Things to do in
and around Cuenca
Historical Notes

Among the activities are numerous traditional cultural events and fiestas complete with authentic costumes, museums, art exhibits, fine concerts and a myriad of other interesting activities, should your stay permit indulgence in such. To see the real Cuenca in a day, in depth, is impossible and for that reason we recommend a typical visit lasting for several days to hit the high points and to really see the city. The low cost of living contributes to an inexpensive, hospitable, yet cozy environment in Cuenca. Low crime and well guarded streets offer secure touring in Cuenca by all who wish to enjoy its splendor. Business endeavors flourish here due to the tourism and affluence in general.
Ecuador's third largest city, Cuenca, has long been a favorite among tourists and photographers, both foreign and Ecuadorian. Its numerous brooks, green spaces and parks, old mixed with new, and general mixing of extremes of cultures make for a parklike feel throughout the entire city.

The weather in Cuenca is ideal for people who don't like extremes. It's not too hot, nor too cold. It's been described as a perpetual spring-like climate. The temperatures range from about 8C (45F) at night to 28C (85F) in the day.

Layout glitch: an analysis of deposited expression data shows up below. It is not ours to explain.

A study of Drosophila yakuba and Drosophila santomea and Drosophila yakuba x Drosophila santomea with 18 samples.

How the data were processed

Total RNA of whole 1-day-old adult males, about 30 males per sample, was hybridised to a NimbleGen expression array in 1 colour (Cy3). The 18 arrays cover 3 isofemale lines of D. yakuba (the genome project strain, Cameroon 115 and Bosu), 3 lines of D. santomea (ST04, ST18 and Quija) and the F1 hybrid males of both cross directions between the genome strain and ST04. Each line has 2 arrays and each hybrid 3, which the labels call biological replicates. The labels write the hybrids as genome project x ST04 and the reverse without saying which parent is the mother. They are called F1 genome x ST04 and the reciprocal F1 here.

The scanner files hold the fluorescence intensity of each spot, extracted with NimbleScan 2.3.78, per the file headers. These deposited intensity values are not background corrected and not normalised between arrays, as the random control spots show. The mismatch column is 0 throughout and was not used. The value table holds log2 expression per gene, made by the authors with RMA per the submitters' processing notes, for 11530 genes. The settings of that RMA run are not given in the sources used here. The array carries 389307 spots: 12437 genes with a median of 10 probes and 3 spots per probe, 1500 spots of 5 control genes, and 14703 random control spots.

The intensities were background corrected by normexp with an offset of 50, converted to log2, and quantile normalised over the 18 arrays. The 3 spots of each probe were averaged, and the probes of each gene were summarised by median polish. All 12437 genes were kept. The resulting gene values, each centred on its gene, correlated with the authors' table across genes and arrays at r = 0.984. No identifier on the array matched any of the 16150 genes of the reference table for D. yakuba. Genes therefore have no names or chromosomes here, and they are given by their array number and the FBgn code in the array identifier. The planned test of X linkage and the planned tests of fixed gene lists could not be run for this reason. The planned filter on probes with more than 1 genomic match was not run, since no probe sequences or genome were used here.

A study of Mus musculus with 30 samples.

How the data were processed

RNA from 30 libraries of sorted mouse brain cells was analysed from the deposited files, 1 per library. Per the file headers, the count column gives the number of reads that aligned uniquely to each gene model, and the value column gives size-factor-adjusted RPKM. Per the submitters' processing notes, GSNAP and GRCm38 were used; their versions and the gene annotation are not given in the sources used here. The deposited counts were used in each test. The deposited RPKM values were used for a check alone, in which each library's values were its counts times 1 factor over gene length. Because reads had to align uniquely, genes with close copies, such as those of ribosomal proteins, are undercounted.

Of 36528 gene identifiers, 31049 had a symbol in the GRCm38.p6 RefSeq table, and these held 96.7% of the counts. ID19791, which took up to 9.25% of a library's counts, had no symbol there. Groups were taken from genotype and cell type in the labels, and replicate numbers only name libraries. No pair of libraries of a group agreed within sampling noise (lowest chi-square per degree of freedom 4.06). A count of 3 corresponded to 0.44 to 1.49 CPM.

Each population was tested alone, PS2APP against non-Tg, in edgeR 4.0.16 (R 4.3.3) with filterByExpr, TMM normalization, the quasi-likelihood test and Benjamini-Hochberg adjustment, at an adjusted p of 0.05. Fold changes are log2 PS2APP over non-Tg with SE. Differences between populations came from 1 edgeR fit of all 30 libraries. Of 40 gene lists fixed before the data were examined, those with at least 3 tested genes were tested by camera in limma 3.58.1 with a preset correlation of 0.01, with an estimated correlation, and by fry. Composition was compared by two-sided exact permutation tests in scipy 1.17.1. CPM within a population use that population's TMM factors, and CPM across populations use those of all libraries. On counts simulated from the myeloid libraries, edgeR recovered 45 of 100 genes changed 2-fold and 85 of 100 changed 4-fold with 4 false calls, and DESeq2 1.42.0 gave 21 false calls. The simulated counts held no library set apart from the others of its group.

Things to do in and around Cuenca
There are many good places to buy local wares which include embroidered blouses, natural sheep wool sweaters, gold and silver filigree jewelry and weavings with tie-dyed patterns called ikat. Crafts, as well as fresh produce, are also on sale at the weekly Thursday market which is held around 9 de Octubre and 10 de Agosto squares. In Cuenca and the surrounding area, hats are a leading cottage industry and several factories are open to visitors. The most famous one, of course, is the "Pánama Hat", first made in Montecristi, Ecuador during the construction of the Pánama Canal and sent north to the workers. Nowadays, Cuenca is the leading production center for these infamous straw hats. Among other things to see in Cuenca are the Municipal Museum whose displays range from the Cañari and Chordeleg cultures the first to appear in the region and the CIDAP Inter-American Museum, devoted to handicrafts of the continent, which are at their best in this region.
There is a full and fascinating day trip from Cuenca, which takes you to the massive ruins of Ingapirca rising above the dramatically beautiful valleys. This is the only remaining major monument of the Incan empire which ruled these hills for several hundred year before the Spanish arrived in the 16th century. It is believed today that Ingapirca was both a religious and administrative center. as well as a fortress. We've got more info on Ingapirca.

Historical Notes
The colonial days of Cuenca brought the conversion of the indengous peoples to Catholocism and the discovery of the rich agricultural potential which enriches the Cuenca region. Cocoa was discovered and chocolate export began, and is doing well to this day. Quinine was discovered near Loja in the southern Andes and found to prevent malaria.
There was a new cathedral built in place of the old one whose construction started in 1880 yet remains unfinished. Due to an architectural miscalculation the towers were too heavy for the edifice to sustain, and the bells remain on the ground outside the church.